Before Malaysia Tourism Hunt 2013, homestays were something foreign to me. I mean, I’ve heard of it a lot, yet despite the many places I’ve been to in Malaysia, I never really had the chance to experience them. Let’s just say I’m somewhat apprehensive to ‘live’ with people who aren’t family, but a day trip to Homestay Banghuris in Sepang, Selangor as part of our itinerary gave me a good understanding of homestays. Read more…
Those who have been to West Malaysia may recognize Sepang in Selangor for two things: the F1 circuit and the airport. But away from those landmarks, past vast palm plantations after the other, is Banghuris, a conglomeration of the three kampungs (villages) it represents: Bukit Bangkong, Hulu Chuchuh, and Hulu Teris.
The specialization of Homestay Banghuris is its agro-tourism activities, which also happened to be among our challenges for the day. As a team, we had to harvest fruit from an oil palm tree, tap a rubber tree, make a broom out of palm leaves, shave a coconut from its shell, pick coffee cherries from a plantation, and lastly, plant a tree. Those sound fun, right?
The first activity for that day was harvesting a fresh fruit bunch from an oil palm (specifically African oil palm, Elaeis guineensis), which of course, is the source of palm oil for food. As a side note, Malaysia accounts for 39% of the world’s palm oil production and 44% of the world’s exports; hence, oil palm indeed is a prized crop in their country.
The objective of the challenge was to harvest the fresh fruit bunch with a maximum of eight strokes using a hoe. It seemed easy during the demo, but my teammate Kadir, who lived in a kampung in Sarawak, did the task in ten strokes, getting us eight out of ten points. Some teams were able to do it in fewer strokes, but most didn’t do too well—it was challenging!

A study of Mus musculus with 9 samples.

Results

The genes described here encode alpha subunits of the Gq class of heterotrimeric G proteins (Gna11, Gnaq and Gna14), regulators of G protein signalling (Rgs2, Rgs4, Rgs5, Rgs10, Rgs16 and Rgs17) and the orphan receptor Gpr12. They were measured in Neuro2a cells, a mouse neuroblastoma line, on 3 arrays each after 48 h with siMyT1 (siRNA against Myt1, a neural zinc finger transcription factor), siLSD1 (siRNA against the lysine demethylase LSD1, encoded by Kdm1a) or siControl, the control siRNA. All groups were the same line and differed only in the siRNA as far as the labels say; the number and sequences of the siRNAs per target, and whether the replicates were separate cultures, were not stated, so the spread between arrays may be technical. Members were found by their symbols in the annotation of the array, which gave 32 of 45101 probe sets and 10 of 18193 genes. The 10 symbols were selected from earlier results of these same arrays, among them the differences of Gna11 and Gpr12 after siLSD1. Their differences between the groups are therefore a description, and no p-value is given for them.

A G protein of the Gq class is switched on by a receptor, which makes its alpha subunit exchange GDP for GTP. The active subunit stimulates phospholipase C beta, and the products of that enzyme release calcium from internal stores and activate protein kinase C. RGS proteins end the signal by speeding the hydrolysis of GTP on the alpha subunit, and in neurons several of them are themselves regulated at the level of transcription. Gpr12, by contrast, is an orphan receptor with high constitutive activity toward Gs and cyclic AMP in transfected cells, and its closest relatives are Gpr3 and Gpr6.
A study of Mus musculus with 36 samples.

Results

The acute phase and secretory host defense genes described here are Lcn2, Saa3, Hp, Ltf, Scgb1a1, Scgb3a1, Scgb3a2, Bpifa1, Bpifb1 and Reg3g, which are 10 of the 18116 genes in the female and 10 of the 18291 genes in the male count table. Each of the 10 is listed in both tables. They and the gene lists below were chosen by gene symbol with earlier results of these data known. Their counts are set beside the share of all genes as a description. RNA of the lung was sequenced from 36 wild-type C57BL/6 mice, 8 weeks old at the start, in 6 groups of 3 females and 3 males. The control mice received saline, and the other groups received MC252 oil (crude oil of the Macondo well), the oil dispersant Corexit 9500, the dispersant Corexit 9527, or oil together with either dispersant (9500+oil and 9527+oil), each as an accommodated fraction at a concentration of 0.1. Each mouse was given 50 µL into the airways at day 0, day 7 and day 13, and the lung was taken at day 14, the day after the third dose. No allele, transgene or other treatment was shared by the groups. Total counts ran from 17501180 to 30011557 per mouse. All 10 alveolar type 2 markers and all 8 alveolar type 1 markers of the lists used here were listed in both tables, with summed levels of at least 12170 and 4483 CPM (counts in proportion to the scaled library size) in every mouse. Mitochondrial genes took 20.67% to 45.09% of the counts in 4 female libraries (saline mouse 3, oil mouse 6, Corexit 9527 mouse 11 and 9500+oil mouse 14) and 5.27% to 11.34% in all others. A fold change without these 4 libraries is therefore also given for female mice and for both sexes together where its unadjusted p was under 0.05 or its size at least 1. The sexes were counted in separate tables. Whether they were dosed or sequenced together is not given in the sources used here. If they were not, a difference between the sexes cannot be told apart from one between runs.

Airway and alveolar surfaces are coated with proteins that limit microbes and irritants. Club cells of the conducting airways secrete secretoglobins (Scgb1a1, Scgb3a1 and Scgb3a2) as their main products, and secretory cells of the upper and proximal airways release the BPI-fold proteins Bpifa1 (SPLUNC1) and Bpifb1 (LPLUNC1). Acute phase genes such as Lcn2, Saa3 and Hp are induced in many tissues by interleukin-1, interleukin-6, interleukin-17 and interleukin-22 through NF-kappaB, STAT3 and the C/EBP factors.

Next was to tap latex out of a rubber tree (Hevea brasilensis). After cleaning the grooved portion of the tree, we had to scrape the skin, specifically the epidermis, with a special implement and wait for the latex to come out and flow to the cup. It wasn’t difficult, but it was fascinating to know how latex is harvested. It was my first time to see how it’s done.
Teams then performed simultaneous challenges under time pressure. Kirk made a broom out of a specific number of cut palm leaves, while Wan shaved coconut from its shell using a wooden box with a tool. Kadir and I went to the plantation to pick ripe coffee cherries within the range of 400-600 grams sans any means to weigh our harvest. For the three challenges, our team did well, except that we harvested a little above 600 grams of coffee cherries.
To cap off our visit at Homestay Banghuris, we did some good by planting a tree to commemorate our visit. Right after, our reward was a delicious kampung lunch and a whole lot of traditional singing and dancing.
All the activities we did that day aren’t foreign to us Filipinos, but I love how Malaysian states like Selangor have these organized activities for travelers. I wouldn’t have discovered how oil palm fruit is harvested or how a rubber tree is tapped if it weren’t for our trip, so I recommend Homestay Banghuris as a must-do in Malaysia.
How to get there: Homestay Banghuris in Sepang, Selangor is about 60km away from Kuala Lumpur and 35km away from the airport. It is always best to self-drive, but taxis from KL or the airport can take you there. Best to arrange your visit beforehand. Check out their packages and contact details at www.go2homestay.com/homestay-banghuris.
Next year will be Visit Malaysia Year 2014 with the theme, “Celebrating 1Malaysia Truly Asia.” Visitors can expect a series of year-long special events and activities. For more updates on VMY 2014, check out tourism.gov.my and like Tara Na Sa Malaysia on Facebook.